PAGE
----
Tick Paralysis – What you need to know

Welcome to a monthly column brought to you by the experienced veterinary team at Pulse Vets Warner. This month Dr Vincent Asbury BVSc (Hons) chat about Ticks.

As the temperature increases from winter to spring paralysis ticks (Ixodes Holocyclus) start to come out of hiding. The female tick attaches to your dog or cats’ skin by mouth parts that inject a toxin. The toxin causes an ascending paralysis (hind legs to front legs) in our companion animals. There are many clinical signs associated with tick paralysis;

• Progressive ascending paralysis from hind legs to front legs • Hind leg weakness, wobbliness, ataxia or instability to jump

• Upper respiratory grunt, with forced expiration

• Change in bark or meow

• Increased upper respiratory sounds or harsh respiration

• Vomiting, gagging or retching

• Production of stable foam from mouth or nose

• Local paralysis signs; hypersalivation, poor swallowing, dilated pupils or inability to close eyelids

Tick Prevention

There are many products available for the prevention of tick paralysis. Currently, personal preference are oral products in dogs (NexGard Spectra or Simparica Trio). These products are administered as a chewable treat by mouth monthly. They provide tick prevention, heart worm protection, intestinal worming and flea control. Using these products basically forces you to provide adequate tick control monthly, which is more effective.

Unfortunately for cats, there are currently no oral products available for tick prevention in cats. I personally recommend Revolution Plus for cats; the reason is this product is applied monthly to the back of the neck. This product provides tick prevention, flea control, heart worm prevention and internal worming. By using this product, you are again, forced to provide a monthly product which is more effective as you are unlikely to miss doses and maintain adequate concentration. The above products do not cover tape worm.

Consider that no tick product is 100%, therefore consistently using a monthly product, and daily tick searches are recommended. Ideally a tick search should be performed daily, as it takes two to three days for a tick to administer enough toxin to cause paralysis. A tick search entails feeling through your dog or cat’s hair coat for a lump. Pay particular attention to the head and forelegs and under the collar, as ticks are more commonly found at the front of the body. Check inside the ears, all ear folds and between the lips, gumline and toes. Then check the rest of your pet’s body as it is possible to find more than one tick. A tick search is basically a thorough search through your dog or cat’s hair coat from nose to tail tip. Remember, ticks can migrate to any spot on your dog or cat. If you feel a lump on the skin while feeling through the hair coat, it is important to examine the lump. A paralysis tick will be grey in colour with the head burrowed into the skin (tick crater) and body exposed. The paralysis tick body will be grey in colour with yellow legs located close to the head of the tick.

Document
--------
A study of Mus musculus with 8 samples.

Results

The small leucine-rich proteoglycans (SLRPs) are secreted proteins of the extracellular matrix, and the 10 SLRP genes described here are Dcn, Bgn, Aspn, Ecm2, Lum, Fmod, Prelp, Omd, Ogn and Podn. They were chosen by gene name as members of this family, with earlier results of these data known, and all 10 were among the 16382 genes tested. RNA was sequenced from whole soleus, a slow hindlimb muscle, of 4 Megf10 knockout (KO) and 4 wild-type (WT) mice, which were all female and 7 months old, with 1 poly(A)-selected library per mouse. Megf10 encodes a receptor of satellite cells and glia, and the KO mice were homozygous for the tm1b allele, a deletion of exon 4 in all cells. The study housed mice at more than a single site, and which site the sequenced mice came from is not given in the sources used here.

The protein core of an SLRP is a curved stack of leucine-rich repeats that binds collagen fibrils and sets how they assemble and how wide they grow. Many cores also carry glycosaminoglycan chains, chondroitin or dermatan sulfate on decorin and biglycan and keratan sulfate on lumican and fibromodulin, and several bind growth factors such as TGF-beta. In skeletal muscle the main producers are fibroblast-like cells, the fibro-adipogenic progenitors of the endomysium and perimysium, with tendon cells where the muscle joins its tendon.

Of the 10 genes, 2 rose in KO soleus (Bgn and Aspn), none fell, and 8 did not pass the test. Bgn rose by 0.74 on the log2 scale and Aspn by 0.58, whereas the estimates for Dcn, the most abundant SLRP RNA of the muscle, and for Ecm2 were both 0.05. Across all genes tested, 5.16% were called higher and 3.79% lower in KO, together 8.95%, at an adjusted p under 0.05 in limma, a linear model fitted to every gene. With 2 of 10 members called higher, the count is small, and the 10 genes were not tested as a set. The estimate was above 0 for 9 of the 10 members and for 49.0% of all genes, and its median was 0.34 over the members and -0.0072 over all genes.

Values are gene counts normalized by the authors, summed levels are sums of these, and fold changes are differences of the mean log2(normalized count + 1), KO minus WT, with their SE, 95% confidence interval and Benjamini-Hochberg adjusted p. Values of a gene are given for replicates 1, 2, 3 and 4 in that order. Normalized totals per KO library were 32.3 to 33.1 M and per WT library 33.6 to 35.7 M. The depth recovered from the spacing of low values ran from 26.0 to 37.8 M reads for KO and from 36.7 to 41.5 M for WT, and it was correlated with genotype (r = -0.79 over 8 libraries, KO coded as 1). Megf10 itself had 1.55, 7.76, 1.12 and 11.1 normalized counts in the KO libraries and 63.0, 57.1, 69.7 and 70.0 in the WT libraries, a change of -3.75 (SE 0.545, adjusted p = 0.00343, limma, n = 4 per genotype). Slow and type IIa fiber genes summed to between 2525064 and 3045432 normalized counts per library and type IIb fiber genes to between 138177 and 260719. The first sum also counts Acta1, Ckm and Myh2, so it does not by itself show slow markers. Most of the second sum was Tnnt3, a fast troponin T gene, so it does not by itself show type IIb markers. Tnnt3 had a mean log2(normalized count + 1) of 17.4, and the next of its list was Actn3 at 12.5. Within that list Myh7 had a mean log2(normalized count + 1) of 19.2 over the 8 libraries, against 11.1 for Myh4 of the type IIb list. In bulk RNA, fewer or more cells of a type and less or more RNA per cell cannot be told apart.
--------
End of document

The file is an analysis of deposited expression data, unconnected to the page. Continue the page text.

Diagnosis

If you notice your dog or cat showing clinical signs e.g. vomiting, retching or weak-drunk (ataxic) in the back legs, consider tick paralysis until proven otherwise. Perform a tick search immediately and if a tick is found, remove the tick and keep for veterinary assessment. You can manually remove the tick by pinching the ticks mouth parts, at the skin, and pulling/plucking the tick away from your pet’s body with your fingernails or by using a special tick remover device. It is important to remove the whole tick as soon as possible to prevent the tick from administering more toxin through its mouthparts. The toxin is produced in the ticks salivary glands and released in tick saliva as they feed off your dog or cats’ blood.

Treatment

If your pet is showing signs of tick paralysis, it is important to initiate treatment as soon as possible. If left untreated, your pet will get worse and this will lead to prolonged recovery, increased cost of therapy and hospital time and increased risk of more severe respiratory complications. It is important to note, some patients do not show classic ascending paralysis signs and may only show local or vomiting/retching signs leading to the more difficult to treat respiratory disease. Should your dog or cat develop clinical signs there is treatment available at your local veterinarian or veterinary after-hours clinic. Once presented to the veterinarian a tick search will be performed which most likely will include a tick clip to make sure there are no ticks present on your pet. A tick clip entails a full body clip down to the skin. If the owner has removed the tick, it is helpful to present the tick to your veterinarian with your pet. Ideally if a tick is removed by the owner, it is recommended to take your dog or cat to your local veterinarian with the tick to determine whether treatment is required. It is important to rule out tick paralysis in any pet with clinical signs to prevent progression of paralysis and increased cost of care. Once tick paralysis has been diagnosed and antiserum is given by intravenous (IV) catheter and supportive care (hospitalisation, tick clip and bath and medication) is provided.

Unfortunately, even with early diagnosis and treatment, tick paralysis patients get worse before getting better, so early treatment is beneficial to reduce recovery time in hospital.